Two House of Delegates committees and House Speaker Benjamin L. Cardin (D-Baltimore) took turns today shooting holes in Gov. Harry Hughes' plan to create a professional sports authority that would oversee the state's $1.1 billion sports industry and probably build a new stadium.
The authority, as envisioned by Hughes and a sports advisory commission he appointed, would use the proceeds from a new state lottery game and admissions tax revenue to build and maintain a $174 million stadium that consultants have recommended be built south of Baltimore.
Cardin said the governor's sports authority bill takes too much power away from the legislature.
"I can tell you without equivocation that the governor's bill will not pass the General Assembly," Cardin told the House Ways and Means Committee. "We will not give such broad power . . . . to an authority."
Cardin and other legislative leaders also have complained that without a long-term lease from the Baltimore Orioles, Memorial Stadium's prime tenant, no stadium should be planned or built.
Sports commission Chairman Bernard Manekin moved to blunt that criticism today by producing a letter from Orioles owner Edward Bennett Williams. In the letter, Williams confirmed for the first time publicly his long-rumored preference for a new stadium.
"We are especially pleased that there is under consideration the erection of a new stadium, and we want to express our willingness to enter into a long-term arrangement for the use of such a stadium, assuming that we can work out satisfactory arrangements," Williams wrote.
The Orioles' current three-year lease at Memorial Stadium expires at the end of the next season and contains provisions for one-year renewals every year for the next three years, according to Larry Lucchino of Williams' Washington law firm.
In his letter, Williams said that he prefers that a baseball-only stadium be built that is open-air and has natural grass, but he did not go into any detail on what "satisfactory arrangements" would have to be made in order to reach such an agreement.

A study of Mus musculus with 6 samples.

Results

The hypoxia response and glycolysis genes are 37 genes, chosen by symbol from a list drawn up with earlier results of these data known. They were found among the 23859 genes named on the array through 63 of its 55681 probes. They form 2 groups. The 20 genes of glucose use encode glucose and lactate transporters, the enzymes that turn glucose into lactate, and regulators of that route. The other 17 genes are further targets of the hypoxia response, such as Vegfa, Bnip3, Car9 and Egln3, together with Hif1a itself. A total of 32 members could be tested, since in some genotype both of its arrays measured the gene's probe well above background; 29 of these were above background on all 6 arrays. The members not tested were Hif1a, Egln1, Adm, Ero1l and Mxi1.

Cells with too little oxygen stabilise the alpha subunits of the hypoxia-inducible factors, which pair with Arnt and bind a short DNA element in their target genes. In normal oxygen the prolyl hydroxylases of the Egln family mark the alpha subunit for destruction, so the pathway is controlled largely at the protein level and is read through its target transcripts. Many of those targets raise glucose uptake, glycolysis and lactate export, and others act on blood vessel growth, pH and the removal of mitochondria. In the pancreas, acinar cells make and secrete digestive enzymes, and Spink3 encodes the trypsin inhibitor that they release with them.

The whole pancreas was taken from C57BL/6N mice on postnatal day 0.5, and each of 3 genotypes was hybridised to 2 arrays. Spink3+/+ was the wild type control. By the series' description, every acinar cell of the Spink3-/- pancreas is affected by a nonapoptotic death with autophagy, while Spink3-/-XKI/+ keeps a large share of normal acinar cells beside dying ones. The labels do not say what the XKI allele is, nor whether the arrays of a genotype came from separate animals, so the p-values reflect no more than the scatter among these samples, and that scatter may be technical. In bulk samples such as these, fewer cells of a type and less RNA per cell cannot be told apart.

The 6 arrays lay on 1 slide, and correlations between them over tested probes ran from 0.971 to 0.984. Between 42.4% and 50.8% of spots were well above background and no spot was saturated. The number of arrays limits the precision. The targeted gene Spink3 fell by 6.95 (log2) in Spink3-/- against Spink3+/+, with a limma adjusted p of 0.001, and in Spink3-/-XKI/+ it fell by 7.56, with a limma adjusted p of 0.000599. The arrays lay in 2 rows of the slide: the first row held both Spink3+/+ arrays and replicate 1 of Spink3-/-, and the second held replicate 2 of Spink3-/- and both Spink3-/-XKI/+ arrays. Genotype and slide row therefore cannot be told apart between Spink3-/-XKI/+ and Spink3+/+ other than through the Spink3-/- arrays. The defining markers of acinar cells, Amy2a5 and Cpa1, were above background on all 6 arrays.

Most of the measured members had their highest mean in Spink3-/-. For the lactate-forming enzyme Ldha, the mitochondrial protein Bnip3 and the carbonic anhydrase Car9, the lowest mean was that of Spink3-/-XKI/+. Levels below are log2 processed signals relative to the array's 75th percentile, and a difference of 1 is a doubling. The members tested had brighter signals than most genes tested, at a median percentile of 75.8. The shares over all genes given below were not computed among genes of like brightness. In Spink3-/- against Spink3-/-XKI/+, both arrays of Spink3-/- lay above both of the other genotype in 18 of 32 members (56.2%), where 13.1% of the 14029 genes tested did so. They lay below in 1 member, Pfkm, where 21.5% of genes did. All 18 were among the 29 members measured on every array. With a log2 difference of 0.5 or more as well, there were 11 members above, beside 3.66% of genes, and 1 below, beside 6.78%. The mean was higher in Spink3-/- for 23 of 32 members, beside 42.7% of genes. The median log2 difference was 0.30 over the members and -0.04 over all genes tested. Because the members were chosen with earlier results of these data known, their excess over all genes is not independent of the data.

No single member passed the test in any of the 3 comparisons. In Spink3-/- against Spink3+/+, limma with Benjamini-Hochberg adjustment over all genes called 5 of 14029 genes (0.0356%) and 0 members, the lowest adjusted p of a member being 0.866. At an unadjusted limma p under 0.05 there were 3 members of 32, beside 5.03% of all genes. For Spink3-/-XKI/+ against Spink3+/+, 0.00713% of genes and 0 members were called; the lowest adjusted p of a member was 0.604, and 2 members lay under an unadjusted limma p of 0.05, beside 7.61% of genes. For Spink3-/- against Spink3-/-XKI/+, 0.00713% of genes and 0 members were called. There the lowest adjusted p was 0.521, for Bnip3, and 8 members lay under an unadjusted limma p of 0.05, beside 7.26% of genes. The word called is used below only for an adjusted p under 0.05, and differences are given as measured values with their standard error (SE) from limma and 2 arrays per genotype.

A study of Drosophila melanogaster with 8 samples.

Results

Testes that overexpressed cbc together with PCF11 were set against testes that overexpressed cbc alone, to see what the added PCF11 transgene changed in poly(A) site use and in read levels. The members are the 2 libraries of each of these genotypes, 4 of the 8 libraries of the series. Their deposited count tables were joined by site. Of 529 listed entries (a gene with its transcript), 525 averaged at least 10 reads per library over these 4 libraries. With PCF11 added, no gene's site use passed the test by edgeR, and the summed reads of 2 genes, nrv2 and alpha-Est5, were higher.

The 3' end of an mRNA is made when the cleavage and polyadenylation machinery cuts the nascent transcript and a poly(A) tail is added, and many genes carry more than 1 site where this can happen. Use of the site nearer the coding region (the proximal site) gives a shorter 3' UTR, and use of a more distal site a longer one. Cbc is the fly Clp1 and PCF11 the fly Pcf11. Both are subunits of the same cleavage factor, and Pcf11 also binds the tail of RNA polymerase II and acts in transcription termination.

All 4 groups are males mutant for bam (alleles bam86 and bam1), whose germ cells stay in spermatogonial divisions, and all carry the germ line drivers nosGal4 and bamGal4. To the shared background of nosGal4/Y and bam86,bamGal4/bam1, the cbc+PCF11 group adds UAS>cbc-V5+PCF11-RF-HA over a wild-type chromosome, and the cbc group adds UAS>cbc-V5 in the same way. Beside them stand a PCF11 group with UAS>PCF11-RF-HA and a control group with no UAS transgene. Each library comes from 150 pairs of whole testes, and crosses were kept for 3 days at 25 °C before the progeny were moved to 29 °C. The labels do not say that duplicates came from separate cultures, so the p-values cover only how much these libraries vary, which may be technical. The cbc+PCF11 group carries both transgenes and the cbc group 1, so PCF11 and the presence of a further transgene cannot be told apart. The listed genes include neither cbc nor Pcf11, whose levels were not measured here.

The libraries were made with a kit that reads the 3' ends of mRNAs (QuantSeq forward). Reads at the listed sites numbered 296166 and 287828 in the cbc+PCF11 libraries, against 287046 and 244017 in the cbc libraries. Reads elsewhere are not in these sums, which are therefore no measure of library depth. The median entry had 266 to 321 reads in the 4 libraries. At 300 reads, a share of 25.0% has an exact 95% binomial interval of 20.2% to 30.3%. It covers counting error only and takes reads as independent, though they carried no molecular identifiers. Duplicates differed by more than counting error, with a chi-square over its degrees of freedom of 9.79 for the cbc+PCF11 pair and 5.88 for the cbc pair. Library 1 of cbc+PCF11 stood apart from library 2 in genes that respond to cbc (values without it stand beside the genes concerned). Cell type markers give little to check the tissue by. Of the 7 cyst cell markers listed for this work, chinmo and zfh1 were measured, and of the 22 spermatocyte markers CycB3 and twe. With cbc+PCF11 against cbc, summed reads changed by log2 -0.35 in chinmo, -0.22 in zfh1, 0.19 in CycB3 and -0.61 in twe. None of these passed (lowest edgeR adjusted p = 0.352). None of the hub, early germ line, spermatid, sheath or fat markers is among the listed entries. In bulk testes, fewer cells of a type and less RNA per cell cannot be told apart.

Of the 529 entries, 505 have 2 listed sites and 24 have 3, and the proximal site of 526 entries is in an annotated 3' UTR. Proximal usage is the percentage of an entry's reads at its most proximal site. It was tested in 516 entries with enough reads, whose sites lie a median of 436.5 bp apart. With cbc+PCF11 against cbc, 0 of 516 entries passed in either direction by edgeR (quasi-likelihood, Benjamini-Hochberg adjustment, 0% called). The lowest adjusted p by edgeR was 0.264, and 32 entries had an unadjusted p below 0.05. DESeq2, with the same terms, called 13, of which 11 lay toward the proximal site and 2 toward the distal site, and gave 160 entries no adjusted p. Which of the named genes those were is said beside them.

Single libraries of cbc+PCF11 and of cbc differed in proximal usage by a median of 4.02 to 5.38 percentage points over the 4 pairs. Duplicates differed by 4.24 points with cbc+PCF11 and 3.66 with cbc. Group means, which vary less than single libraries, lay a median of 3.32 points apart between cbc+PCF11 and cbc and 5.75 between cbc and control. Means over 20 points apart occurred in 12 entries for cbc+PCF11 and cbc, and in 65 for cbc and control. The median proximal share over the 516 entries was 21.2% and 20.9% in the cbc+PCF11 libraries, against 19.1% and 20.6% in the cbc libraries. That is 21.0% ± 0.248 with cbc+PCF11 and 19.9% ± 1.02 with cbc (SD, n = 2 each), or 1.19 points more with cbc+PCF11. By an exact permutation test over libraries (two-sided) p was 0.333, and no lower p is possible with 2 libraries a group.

"All this is is a letter of intent," said Manekin, who has been seeking such a statement from Williams for months. "That's all that I can expect of Mr. Williams."
Cardin proposed that Hughes' bill be altered so that any new authority be limited to football and baseball operations. Ways and Means Committee members also seemed to agree with Cardin's proposal that the authority report to the Board of Public Works and consult with the legislature.
Manekin, who defended the governor's plan, assailed Cardin's proposal. "If you create an authority but don't give it any authority, forget it," Manekin said.
Several legislators expressed concern about the sports authority's plan to finance the new stadium by starting a new lottery or committing the state to long-term debt.
"This puts a tremendous amount of power in the authority's hands," said Del. William H. Cox Jr. (D-Harford).
But Benjamin Bialek, Hughes' chief legislative aide, said the creation of a new authority "allows the state and the city to act cooperatively to retain the Orioles and work to get an NFL team to replace the Colts."
Attorney General Stephen H. Sachs, a gubernatorial candidate who has made the stadium's future a political issue, called his own press conference in Baltimore to criticize Baltimore Mayor William Donald Schaefer's insistence that a new facility be built within the city limits.
"The mayor wants to be the governor of the whole state, yet here is an issue where he can't see beyond the city line, even when it is best for the city," Sachs said.
Schaefer, an unannounced candidate for governor, said that he is angry at a consultant's recommendation that a new stadium be built in Baltimore County and plans his own response to Hughes.